Irvine City Council members could take more control over their personal budgets next week as they discuss removing most of the restrictions on the $100,000 they each receive annually to fund their offices and activities.
The shift comes after Councilman Mike Carroll was accused of improperly spending his aide budget on advertising community events he hosted, which critics say gave him an advantage in the election using public tax dollars. Ultimately, the then council voted to retroactively approve the spending and to discuss changing the policy for the next fiscal year.
Originally established in 1984, the council members’ individual budgets were restricted purely to spending on “council executive assistant salaries … and associated expenses, office equipment and supplies,” with a caveat that any other spending had to be approved by a vote of the full council.
Under the proposed guidelines, as long as council members don’t exceed their total budgeted allowance, they can spend the funds on whatever they want if they get the request approved by the city manager’s office and the finance department, according to a city staff report.
The issue only comes in front of the council if a council member wants to spend more than their allotted budget.
Interim City Manager Marianna Marysheva said the proposed changes were put forward to bring the council’s budget in line with the way city departments handle their spending.
“For example, (departments) can transfer unused appropriations in their budget. If they have salary savings and they need consultants, or they need to add to a particular contract, they have that flexibility in the budget,” Marysheva said. “The same rules would apply to council office budgets if approved, that they would have the flexibility to use their total funding allocated within applicable rules and regulations.”
In addition to their staff funds, council members each receive $10,000 a year they can allocate to charities and nonprofits in the city, which will remain separate from the staff budget, according to Marysheva.
Last November, Carroll said he would be pushing hard for more freedom on how council members can spend their money in the next budget.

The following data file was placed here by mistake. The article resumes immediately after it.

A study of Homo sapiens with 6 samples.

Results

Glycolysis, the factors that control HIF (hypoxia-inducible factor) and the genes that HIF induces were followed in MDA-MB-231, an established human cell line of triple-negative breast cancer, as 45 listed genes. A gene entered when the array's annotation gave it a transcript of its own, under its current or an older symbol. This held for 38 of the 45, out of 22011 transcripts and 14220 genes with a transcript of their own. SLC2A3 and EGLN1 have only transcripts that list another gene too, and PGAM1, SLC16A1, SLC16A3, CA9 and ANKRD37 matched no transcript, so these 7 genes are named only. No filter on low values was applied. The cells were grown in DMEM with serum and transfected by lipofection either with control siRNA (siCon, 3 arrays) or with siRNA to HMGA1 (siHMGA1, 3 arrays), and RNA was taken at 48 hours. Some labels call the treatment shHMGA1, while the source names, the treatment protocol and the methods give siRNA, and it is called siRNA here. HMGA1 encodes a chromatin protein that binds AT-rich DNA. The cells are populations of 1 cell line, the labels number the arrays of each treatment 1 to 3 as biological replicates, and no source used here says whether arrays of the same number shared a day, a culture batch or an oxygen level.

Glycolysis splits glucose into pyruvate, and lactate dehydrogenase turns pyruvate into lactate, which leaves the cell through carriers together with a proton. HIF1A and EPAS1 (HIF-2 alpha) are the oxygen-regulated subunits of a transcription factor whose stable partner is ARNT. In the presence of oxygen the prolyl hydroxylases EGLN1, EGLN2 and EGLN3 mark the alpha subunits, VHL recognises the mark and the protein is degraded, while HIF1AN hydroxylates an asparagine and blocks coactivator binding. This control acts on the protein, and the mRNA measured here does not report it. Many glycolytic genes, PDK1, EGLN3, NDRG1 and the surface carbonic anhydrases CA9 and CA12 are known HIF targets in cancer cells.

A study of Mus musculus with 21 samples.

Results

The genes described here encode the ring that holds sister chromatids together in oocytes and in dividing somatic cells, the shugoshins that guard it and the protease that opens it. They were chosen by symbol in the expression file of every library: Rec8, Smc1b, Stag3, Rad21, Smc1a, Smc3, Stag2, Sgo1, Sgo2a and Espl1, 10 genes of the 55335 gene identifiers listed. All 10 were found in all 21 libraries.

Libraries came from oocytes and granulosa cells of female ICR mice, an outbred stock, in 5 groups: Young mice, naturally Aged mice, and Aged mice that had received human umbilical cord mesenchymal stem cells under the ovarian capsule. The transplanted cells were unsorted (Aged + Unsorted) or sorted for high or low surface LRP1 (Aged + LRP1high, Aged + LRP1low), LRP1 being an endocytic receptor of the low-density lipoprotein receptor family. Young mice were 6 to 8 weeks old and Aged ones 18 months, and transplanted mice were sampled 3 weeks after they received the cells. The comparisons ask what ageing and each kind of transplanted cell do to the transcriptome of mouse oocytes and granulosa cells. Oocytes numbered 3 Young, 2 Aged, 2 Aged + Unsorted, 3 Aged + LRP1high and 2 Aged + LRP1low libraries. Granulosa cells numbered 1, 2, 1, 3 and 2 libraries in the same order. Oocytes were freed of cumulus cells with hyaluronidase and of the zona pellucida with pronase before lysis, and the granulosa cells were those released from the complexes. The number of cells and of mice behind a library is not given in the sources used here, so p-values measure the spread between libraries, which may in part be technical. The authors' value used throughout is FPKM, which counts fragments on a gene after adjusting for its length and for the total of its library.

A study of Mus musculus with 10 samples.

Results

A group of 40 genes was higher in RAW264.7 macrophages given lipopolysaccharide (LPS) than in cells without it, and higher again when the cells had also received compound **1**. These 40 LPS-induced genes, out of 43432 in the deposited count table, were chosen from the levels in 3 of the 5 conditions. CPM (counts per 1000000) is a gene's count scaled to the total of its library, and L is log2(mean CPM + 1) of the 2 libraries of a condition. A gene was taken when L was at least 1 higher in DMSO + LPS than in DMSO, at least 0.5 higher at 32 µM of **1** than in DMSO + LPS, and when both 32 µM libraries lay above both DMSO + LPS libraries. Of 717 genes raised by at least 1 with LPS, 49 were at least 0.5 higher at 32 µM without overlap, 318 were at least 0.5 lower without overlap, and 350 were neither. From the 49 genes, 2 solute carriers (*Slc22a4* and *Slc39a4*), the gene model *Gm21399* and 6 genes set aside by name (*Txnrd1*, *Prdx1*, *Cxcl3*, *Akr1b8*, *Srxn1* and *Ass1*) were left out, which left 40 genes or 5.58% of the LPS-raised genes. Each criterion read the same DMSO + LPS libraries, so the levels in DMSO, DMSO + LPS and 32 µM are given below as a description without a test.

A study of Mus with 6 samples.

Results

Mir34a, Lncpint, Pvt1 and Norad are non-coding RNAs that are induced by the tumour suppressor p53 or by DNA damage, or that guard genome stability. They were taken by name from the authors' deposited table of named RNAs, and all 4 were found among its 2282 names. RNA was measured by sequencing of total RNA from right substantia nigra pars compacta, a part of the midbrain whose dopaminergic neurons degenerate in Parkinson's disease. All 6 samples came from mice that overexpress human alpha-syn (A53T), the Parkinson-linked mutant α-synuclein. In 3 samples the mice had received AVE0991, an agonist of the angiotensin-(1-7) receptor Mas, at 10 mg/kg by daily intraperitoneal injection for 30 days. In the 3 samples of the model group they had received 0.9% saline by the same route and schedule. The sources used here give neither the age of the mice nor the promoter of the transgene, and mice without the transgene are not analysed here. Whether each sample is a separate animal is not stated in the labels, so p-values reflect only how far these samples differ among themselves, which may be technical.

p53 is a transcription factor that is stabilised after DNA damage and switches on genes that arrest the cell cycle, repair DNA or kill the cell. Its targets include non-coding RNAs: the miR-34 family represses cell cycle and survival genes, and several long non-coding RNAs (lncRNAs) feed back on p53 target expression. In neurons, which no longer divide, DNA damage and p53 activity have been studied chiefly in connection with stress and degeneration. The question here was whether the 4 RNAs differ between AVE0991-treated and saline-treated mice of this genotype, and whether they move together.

“Each council member of the city of Irvine gets approximately $100,000 a year, and council members should be able to spend that as they see fit to assist the 280,000 residents of Irvine,” Carroll said in a phone call with Voice of OC then.
Carroll, Councilman Anthony Kuo and Mayor Farrah Khan did not return requests for comment.
Councilwoman Tammy Kim said she was a big fan of the proposed system, outlining how the flexibility would let council members structure their priorities as they saw fit.
“We were elected because of our ability…to manage multi million dollar budgets. That’s what constituents expect a council member to be able to do,” Kim said. “There’s a certain amount of trust that goes into whoever you elect.”
When asked about resident concerns around Carroll’s spending, Kim said she didn’t view his spending as an abuse of power and it was an advantage of being an incumbent.
“There are city services you have to promote, so I get the flyers from (Assemblyman) Steven Choi all the time. And yes, one could argue it’s campaigning but is it really? You’ve got to be able to reach out to your constituents regarding what’s going on or what they have access to,” Kim said. “If that’s where a council member chooses to spend their money, that’s their right. I’m saying this as someone who ran against Mike.”
Councilman Larry Agran said while he supports the existence of the council aide program, he wants to be sure there’s enough oversight for where the money is going.
“My mind is open on the subject, as far as how these reforms might work out in practice,” Agran said. “I would have to think about it a little bit.”
The council will vote on the new policy at its 4 p.m. meeting on Tuesday, which can be viewed here.
Noah Biesiada is a Voice of OC Reporting Fellow. Contact him at email@example.com or on Twitter @NBiesiada.